Postseason play for Maine high school sports governed by the Heal point system will be more inclusive beginning this fall, with two-thirds of the teams in each division qualifying for the playoffs instead of the 50 percent rule that has been in place for the past two years.
The general membership of the Maine Principals’ Association voted by an approximate 2-to-1 margin to approve that change Thursday during the the organization’s annual spring conference at the Samoset Resort in Rockport, according to MPA executive director Dick Durost.
Voters approved by approximately the same margin maintaining a limit on teams in all sports of five noncountable dates for games per season along with one more noncountable date between the end of the regular season and postseason play.
The MPA adopted the 50 percent rule and noncountable game limit two years ago essentially on a trial basis with the understanding that the topics would be revisited this year.
A survey of MPA members was conducted in late March and early April, Durost said, with principals and athletic administrators from 89 of the approximately 150 member schools responding.
Of the responding schools, some two-thirds supported restoring playoff eligibility to the top two-thirds of the teams in each division, as was the case before the 2009-10 academic year, while two-thirds of respondents also supported keeping the limits on noncountable dates.
“What we found was that a lot of the schools that responded were looking to address transportation costs,” Durost said.
Under the two-thirds rule, schools from a higher-enrollment class now may be more willing to schedule regular-season games against nearby schools from a lower-enrollment class rather than pass by those neighboring schools to find more Heal-pointworthy opponents from their own class, given that the higher-enrollment class to which an opponent is assigned, the more Heal points it is worth.
With two-thirds of the teams in a division advancing to postseason play — 12 teams will qualify in an 18-team division next fall, for example, compared to just nine this year — there will be more playoff berths available so the potential cost to a team in Heal points from playing a neighboring opponent from a lower-enrollment class would not be as great as it might be with fewer postseason bids available.
“A lot of schools would really like to cut back on transportation costs, but with just 50 percent it’s hard to convince some people in the community to play a school out of their class,” Durost said. “But they’d be more likely to be open to scheduling somebody nearby out of class if two-thirds of the teams are going to the playoffs.”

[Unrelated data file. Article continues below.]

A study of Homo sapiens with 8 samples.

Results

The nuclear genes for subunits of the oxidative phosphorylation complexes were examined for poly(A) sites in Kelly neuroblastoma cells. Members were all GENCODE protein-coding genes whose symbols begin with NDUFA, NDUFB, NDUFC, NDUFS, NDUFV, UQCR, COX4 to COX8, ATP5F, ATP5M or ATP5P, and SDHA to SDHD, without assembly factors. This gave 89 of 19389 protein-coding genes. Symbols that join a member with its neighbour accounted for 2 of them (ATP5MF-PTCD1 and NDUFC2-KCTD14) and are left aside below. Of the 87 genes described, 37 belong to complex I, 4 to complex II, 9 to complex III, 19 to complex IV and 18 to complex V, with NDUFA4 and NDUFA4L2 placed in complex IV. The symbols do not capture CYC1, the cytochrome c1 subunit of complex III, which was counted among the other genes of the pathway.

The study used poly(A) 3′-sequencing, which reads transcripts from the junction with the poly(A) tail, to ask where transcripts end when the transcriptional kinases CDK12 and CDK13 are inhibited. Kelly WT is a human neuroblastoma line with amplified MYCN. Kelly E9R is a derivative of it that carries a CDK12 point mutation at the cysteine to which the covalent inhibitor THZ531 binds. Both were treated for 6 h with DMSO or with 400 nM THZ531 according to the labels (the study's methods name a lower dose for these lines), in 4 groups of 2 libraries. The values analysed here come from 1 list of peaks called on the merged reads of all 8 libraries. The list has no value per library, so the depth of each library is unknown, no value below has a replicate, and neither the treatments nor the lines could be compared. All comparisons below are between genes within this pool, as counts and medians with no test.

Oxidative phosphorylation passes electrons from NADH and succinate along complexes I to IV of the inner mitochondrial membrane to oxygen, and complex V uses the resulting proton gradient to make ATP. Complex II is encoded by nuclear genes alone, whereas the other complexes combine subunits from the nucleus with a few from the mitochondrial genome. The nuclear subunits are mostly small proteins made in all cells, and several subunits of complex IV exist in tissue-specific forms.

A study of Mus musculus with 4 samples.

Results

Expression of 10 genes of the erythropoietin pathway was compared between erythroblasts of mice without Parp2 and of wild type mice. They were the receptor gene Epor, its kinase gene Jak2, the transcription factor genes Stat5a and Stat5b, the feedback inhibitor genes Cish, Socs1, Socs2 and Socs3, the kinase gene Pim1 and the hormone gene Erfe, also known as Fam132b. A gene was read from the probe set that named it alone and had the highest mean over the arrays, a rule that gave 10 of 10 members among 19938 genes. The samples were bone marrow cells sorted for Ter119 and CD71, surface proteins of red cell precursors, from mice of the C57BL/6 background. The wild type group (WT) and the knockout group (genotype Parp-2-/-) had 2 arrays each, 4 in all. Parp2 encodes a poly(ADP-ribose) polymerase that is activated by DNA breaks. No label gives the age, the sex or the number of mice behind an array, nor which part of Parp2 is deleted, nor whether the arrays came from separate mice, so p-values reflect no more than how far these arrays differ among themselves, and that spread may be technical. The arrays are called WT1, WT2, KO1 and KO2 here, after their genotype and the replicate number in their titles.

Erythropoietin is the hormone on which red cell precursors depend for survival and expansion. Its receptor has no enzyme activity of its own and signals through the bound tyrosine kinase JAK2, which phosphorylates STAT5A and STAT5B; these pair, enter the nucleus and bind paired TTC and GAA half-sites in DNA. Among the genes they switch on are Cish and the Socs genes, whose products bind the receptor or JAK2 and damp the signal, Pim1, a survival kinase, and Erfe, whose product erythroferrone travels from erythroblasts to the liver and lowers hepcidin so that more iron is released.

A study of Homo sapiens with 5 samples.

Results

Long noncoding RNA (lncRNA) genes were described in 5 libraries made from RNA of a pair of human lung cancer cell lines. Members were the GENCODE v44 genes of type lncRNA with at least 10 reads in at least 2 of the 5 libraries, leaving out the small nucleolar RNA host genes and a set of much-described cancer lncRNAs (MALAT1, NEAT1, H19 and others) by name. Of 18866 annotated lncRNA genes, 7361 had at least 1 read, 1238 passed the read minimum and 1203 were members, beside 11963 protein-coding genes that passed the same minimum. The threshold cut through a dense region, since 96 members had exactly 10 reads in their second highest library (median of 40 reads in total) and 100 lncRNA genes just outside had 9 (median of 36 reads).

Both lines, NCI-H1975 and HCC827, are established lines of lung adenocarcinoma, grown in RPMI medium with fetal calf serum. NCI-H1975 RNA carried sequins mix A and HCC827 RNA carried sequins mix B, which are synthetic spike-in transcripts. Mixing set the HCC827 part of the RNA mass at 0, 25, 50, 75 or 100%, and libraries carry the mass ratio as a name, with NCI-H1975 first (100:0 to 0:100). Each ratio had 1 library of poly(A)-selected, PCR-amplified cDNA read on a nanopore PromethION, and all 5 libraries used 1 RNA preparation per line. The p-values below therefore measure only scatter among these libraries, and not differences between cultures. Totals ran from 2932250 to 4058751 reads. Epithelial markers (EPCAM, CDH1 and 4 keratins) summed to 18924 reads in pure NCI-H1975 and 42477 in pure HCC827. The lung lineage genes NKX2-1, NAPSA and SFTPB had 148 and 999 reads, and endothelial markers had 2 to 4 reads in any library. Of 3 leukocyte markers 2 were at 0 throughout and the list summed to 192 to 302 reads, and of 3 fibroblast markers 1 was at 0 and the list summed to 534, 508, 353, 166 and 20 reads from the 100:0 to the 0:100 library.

Also approved by the membership was the work of the MPA’s classification committee to align teams in Eastern and Western Maine divisions based on enrollment for the next two-year cycle, according to MPA assistant executive director Jeff Sturgis.
Among Eastern Maine schools on the move, Foxcroft Academy and Washington Academy of East Machias will go from Class C to Class B in most sports, while Bucksport and Mattanawcook Academy of Lincoln will shift from B to C, and Hodgdon, Penobscot Valley of Howland and Woodland will drop from C to D.
Hampden Academy will move from B to A in cross country, field hockey, indoor track and outdoor track, while Oceanside High School — the merger of Rockland and Georges Valley of Thomaston high schools set to begin this fall — has been placed in Eastern Maine Class B in most sports.
In addition, Morse of Bath, originally set to move from Eastern A to Eastern B by enrollment, instead will compete in Western B in several sports.
Several changes also are in the works for high school football, including the shift of Winslow not only from Class B to Class C due to enrollment, but also from Eastern Maine to Western Maine as the final step that enables all six football divisions in the state to have an even number of teams for scheduling purposes.
Winslow’s move from Eastern to Western Maine had been suggested recently in the aftermath of a couple of changes made after the MPA’s football and classification committees had done their original work, Washington Academy’s decision to field a team this fall in Eastern C, and the vote to consolidate the athletic programs at Jay and Livermore Falls high schools into a new Spruce Mountain High School as of this summer. While Jay and Livermore Falls are traditional Western C schools, Spruce Mountain will compete in Western B.
“You have to give a lot of credit to Winslow,” said Durost. “Their preference would have been not to do this because of their long history as an Eastern Maine school in football. But they wanted to be a good member school and were willing to do this with the idea that if things change two years from now they would like to have the opportunity to come back to the East.”